NAIF support for Genex project sees airline fly high

A regional airline in north Queensland has flown in the face of COVID by expanding its workforce, buying a new airplane and increasing air transport services.

A regional airline in north Queensland has flown in the face of COVID by expanding its workforce, buying a new airplane and increasing air transport services.

Bucking the downward trend in the aviation industry, Hinterland Aviation has spread its wings after winning a lucrative contract to fly construction workers in and out of the 250MW/2000MWh Kidston Pumped Storage Hydro Project (K2-Hydro) owned by Genex Power Limited (Genex).

With a fleet of 16 planes and a staff of 70, the Australian owned airline has been flying people around north Queensland for almost 40 years.

But in March 2020, General Manager Andrew Clair said the fate of the airline was firmly in the hands of a global pandemic as it raged across the world, hitting the shores of Australia and spreading into Queensland.

Around Australia, airlines were cutting flights and pilots and support crew were losing jobs.

“We fly charter flights and a regular passenger transport services to Palm Island, Cooktown, Coen, Kowanyama and Pormpuraaw,” Andrew said. “We had a drop in revenue of about 80 per cent at the start of March 2020. It was a major hit to the business and very scary.”

But just as the work evaporated, the company’s luck changed

After flying several charter flights to the old Kidston gold mine for Genex over a couple of years, Hinterland Aviation won a contract in March 2020 to fly construction workers to the K2-Hydro Project 280 kilometres inland between Cairns and Townsville.

The K2-Hydro Project is the first pumped hydro project to be built in Australia in 40 years and will generate and store power to supplement high-demand periods in north Queensland.

The $777 million project has been underpinned by a $610 million loan from the Northern Australia Infrastructure Facility (NAIF).

NAIF’s support of Genex’s project is enabling contracts, employment and an economic boost in north Queensland, with K2-Hydro creating up to 900 jobs during construction and injecting more than $2 billion into the economy.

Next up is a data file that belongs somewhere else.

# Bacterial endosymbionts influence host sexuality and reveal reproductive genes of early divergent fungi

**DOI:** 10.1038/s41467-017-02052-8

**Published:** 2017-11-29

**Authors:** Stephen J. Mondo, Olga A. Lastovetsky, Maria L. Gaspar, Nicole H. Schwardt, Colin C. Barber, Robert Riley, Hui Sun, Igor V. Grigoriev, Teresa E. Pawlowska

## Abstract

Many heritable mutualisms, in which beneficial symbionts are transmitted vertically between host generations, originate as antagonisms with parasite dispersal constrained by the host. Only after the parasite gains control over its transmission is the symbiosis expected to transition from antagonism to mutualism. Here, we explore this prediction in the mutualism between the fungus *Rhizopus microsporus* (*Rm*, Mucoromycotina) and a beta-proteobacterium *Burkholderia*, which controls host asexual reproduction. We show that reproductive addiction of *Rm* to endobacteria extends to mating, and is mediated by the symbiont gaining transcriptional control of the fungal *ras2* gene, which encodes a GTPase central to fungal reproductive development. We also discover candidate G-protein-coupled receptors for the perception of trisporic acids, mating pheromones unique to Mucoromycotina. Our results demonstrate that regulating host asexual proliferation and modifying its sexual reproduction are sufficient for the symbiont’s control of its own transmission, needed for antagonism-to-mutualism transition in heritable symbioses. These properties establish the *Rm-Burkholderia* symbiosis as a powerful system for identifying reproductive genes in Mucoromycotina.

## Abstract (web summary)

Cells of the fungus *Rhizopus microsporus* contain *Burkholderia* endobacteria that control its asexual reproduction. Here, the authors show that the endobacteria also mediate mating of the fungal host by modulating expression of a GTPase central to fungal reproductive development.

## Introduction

Hinterland Aviation’s contract with Genex now sees them fly workers to the K2-Hydro Project site at Kidston several times a week from Cairns and Townsville.

Chair of the NAIF Board, Tracey Hayes, visited Hinterland Aviation headquarters in Cairns in February to meet the local team and find out how the local project was generating jobs and economic activity.

“NAIF was an early supporter of the Kidston project and this is the first pumped hydro constructed in Australia since 1984,” Tracey said. “NAIF investment in the Genex project in north Queensland has resulted in downstream benefits for Hinterland Aviation and the entire Cairns community.

“For example, three flights a week now between Cairns and the mine site means that they can source employees from the local region in and around Cairns.”

The development of the Kidston Clean Energy Hub, which began with the 50MW Kidston Solar Project (KS1) (operating since 2017), has brought significant economic stimulus to the Queensland region. Construction of KS1 saw 180 employees at Kidston as well as upgrades to the Oaks Rush Accommodation Camp.

During construction, up to 900 construction workers over a period of almost four years will be required to develop the K2-Hydro Project and associated infrastructure. Genex has worked closely with Hinterland Aviation over the years with Genex Power Chief Operating Officer, Arran McGhie commenting on the relationship:

“With the construction of the company’s flagship Kidston Pumped Storage Hydro project underway, Genex is thrilled to be partnering with Hinterland for the provision of charter flights to Kidston from Cairns for our own team as well as other key stakeholder staff over the next three years.”

In contrast to airlines around Australia and the world, the Kidston contract enabled the company to grow its workforce by 15 per cent to 70 people and buy a new 12 seater Cessna Caravan airplane to free up one of its King Air twin turboprop aircraft for the Kidston project.

Hinterland Aviation was able to employ three additional airline pilots to work in north Queensland after signing a contract  The company has been able to establish a Genex lounge at the Cairns airport to fly construction workers to site.

“The contract for the Kidston project supported us and assisted us greatly and in that mission to not lose a single employee during COVID,” Andrew said.

“I think it’s fantastic, I think more attention should be focused on the northern part of Australia and a lot more of these projects are needed.

“It will always be our greatest achievement at Hinterland and its great we can say we expanded and got more planes, and started new RPT routes and are making X amount of dollars, but what has been paramount is that we got through COVID without losing a single member of the team.”

For pilot Nicole Clarke, NAIF’s investment in the Genex project and subsequent contract with Hinterland Aviation has given her a stable job in Cairns despite the impacts of COVID-19 on the aviation industry.

“Flying with Hinterland Aviation has given my husband and I the financial stability to be able to cement our life here in Cairns,” Nicole said. “We have been able to buy a house and be comfortable in the fact that we can be here and base ourselves here because I have a stable job.

“I’ve managed a job throughout COVID when a lot of pilots in similar position to myself haven’t been able to hold a role, so being offered a position at Hinterland made me feel very lucky and very privileged to be able to continue flying.”